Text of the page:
The OECD/G20 Inclusive Framework on Base Erosion and Profit Shifting (the IF) issued a statement yesterday (July 1, 2021) that it has agreed on a two-Pillar solution to address the challenges arising from the digitalization of the economy. The statement can be found here. So far, 130 IF countries, including Israel, out of 139 IF member countries have agreed to this solution. The key components of each Pillar are based on, but yet differs from, the two-Pillar blueprint previously published by the IF. A detailed implementation plan is expected to be finalized by October 2021. Below are some of the key points included in the IF's announcement with respect to each Pillar.
Pillar One aims to allocate certain income (Amount A) to market jurisdictions, based on a new nexus rule, while ensuring a fixed remuneration for baseline marketing and distribution functions in market jurisdictions (Amount B).
The in-scope companies for Amount A are multinational enterprises (MNEs) with global turnover of above 20 billion euros (may be reduced to 10 billion euros in the future) and a profitability rate of above 10%. Given this threshold, Israeli based MNEs are not expected to fall within the scope of Pillar One's Amount A in the near future.
Under Pillar One, 20%-30% of the residual profit (profit in excess of 10%) of in-scope MNEs, is allocated to market jurisdictions in which the MNE derives at least 1 million euros in revenue (or at least 250,000 euros for jurisdictions with GDP lower than 40 billion euros). However, where residual profits of in-scope MNEs are already taxed in a market jurisdiction, a marketing and distribution safe harbor will cap the residual profit allocated to such market jurisdiction.
In-scope MNEs will benefit from a dispute prevention and resolution mechanism, which will avoid double taxation of Amount A. Consideration will be given to an elective binding dispute resolution mechanism for developing countries.
The multilateral instrument through which Amount A is implemented will be developed and opened for signatures in 2022, with Amount A coming into effect in 2023. In addition, the application of the arm’s length principle to in-country baseline marketing and distribution activities (Amount B) will be simplified and streamlined. This work will be completed by the end of 2022
Pillar One will also provide for appropriate coordination between the application of the new international tax rules and the removal of all Digital Services Taxes and other relevant similar measures on all companies.
Pillar Two is intended to ensure a minimum tax rate on in-scope MNEs (generally, MNEs that meet a 750 million euro revenue threshold, although countries are free to adopt lower thresholds for MNEs headquartered in their country). Pillar Two consists of two elements:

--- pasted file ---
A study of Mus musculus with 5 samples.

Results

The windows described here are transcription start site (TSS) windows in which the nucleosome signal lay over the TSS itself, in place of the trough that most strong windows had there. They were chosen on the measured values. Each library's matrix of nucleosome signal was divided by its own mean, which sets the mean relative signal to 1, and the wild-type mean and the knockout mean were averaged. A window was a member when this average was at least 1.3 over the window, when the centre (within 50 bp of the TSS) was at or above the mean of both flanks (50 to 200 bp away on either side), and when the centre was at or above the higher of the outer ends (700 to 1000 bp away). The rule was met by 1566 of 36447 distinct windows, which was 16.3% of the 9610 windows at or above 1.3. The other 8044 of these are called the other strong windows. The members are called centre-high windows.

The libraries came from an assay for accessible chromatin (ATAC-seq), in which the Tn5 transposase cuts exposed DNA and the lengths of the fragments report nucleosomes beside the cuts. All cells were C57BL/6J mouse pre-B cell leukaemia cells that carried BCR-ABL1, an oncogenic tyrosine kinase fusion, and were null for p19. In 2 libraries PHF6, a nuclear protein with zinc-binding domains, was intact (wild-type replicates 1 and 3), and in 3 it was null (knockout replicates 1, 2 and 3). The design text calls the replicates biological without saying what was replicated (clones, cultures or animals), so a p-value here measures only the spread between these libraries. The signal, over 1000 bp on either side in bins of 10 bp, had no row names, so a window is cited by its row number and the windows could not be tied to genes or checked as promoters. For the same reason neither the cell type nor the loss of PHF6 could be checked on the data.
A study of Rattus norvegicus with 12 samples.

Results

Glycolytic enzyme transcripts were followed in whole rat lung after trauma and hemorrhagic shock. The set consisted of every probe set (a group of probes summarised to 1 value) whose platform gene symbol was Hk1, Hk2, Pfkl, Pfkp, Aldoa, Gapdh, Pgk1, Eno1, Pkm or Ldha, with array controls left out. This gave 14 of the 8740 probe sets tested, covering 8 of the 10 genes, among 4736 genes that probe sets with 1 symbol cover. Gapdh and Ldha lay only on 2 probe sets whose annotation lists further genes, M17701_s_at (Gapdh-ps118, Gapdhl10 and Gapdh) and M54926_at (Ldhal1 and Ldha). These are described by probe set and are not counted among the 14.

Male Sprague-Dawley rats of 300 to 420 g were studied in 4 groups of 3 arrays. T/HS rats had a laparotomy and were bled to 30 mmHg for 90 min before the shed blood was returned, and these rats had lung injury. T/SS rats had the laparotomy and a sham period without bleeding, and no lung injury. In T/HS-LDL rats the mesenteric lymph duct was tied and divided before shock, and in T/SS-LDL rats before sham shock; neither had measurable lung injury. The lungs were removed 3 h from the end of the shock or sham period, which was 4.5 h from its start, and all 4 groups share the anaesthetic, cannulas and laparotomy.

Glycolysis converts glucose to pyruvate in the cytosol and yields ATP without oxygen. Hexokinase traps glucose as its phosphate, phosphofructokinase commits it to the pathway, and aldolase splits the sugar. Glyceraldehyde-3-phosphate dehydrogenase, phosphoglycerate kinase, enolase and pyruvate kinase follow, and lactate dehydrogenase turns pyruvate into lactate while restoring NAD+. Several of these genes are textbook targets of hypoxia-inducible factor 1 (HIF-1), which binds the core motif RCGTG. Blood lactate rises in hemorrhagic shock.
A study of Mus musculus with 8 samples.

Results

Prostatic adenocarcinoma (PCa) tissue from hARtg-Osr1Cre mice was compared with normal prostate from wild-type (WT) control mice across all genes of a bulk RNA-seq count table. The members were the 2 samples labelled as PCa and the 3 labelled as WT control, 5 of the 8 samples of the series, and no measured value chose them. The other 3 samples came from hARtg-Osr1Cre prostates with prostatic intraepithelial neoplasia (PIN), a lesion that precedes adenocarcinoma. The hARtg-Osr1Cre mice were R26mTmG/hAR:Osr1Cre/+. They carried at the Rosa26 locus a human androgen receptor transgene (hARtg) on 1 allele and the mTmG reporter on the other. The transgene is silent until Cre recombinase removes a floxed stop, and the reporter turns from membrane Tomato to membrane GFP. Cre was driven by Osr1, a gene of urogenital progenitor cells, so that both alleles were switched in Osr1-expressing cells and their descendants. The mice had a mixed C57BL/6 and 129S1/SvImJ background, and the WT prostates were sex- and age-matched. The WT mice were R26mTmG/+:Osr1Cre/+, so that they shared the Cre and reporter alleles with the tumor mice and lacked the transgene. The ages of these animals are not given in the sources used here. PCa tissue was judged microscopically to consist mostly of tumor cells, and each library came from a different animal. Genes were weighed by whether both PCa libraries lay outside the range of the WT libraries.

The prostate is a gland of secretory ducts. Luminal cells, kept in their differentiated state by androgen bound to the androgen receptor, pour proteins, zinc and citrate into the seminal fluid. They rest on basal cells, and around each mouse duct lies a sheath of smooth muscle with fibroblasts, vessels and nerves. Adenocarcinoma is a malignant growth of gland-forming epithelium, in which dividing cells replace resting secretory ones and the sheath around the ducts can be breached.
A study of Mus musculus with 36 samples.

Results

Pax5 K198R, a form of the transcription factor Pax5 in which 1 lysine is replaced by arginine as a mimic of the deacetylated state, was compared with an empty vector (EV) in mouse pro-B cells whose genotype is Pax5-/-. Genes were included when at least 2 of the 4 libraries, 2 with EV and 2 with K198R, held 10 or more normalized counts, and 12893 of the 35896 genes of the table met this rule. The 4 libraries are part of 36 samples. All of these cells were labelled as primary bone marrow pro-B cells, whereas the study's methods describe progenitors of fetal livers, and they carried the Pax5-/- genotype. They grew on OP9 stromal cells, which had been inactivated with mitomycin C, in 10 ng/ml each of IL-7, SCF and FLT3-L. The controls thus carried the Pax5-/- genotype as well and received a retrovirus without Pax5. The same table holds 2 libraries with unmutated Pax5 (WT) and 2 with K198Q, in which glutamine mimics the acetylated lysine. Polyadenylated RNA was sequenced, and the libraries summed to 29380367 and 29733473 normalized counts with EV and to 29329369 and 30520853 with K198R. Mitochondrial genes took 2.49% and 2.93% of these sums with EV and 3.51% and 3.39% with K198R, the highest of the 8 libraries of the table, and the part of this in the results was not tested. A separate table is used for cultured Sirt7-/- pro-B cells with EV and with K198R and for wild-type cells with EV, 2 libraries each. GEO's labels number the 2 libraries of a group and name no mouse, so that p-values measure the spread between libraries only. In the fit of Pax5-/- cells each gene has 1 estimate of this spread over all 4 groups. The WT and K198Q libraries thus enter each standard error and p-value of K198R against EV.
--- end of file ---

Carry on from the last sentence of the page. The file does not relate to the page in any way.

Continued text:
- Two interlocking domestic rules (together known as Global anti-Base Erosion (GloBE) rules): (i) an Income Inclusion Rule (IIR), which imposes top-up tax on a parent entity in respect of the low taxed income of a constituent entity, and (ii) an Undertaxed Payment Rule (UTPR), which denies deductions or requires equivalent adjustment to the extent that the low tax income of a constituent entity is not subject to tax under an IIR.
- A treaty based rule (the Subject to Tax Rule (STTR)) that allows source jurisdiction to impose limited source taxation (i.e., deny treaty benefits) on certain related-party payments that are subject to tax below a minimum rate. The STTR will be creditable against GLoBE.
GLoBE will have the status of a common approach rule whereby IF countries are not required to adopt GLoBE, but are required to accept the application of GLoBE by other IF countries.
The IIR allocates the top-up tax to the jurisdiction of the constituent entity that is closest to the top of the ownership chain of the MNE (a “top-down approach”), subject to an exception, if more than 20% of the equity interests of an entity are held directly or indirectly by persons that are not constituent entities of the MNE group (so-called “split ownership rule”). The allocation methodology of UTPR is yet to be agreed on.
The minimum tax rate used for the purposes of IIR and UTPR will be at least 15%. This minimum tax rate may have significant impact on MNEs with Israeli subsidiaries and on Israeli groups that are subject to lower tax rates under the Law for Encouragement of Capital Investments (e.g., with respect to their so-called “preferred enterprise”, “preferred technology enterprise” or “special preferred technology enterprise”).
The GLoBE rule will provide for formulaic substance carve-out that will exclude an amount of income that is at least 5% (7.5% during the 5-year transition period) of the carrying value of tangible assets and payroll. The GLoBE rules will also provide for a de minimis exclusion.
IF countries that apply nominal corporate tax rates below the STTR minimum rate for interest, royalties and a defined set of payments would implement STTR into their bilateral tax treaties with developing IF members when requested to do so.
The taxing right will be limited to the difference between the minimum rate and the tax rate on the payment. The minimum rate for STTR will be from 7.5% to 9%.
IF members will agree and release an implementation plan for STTR, which will contemplate that Pillar Two should be brought into law in 2022, to be effective in 2023.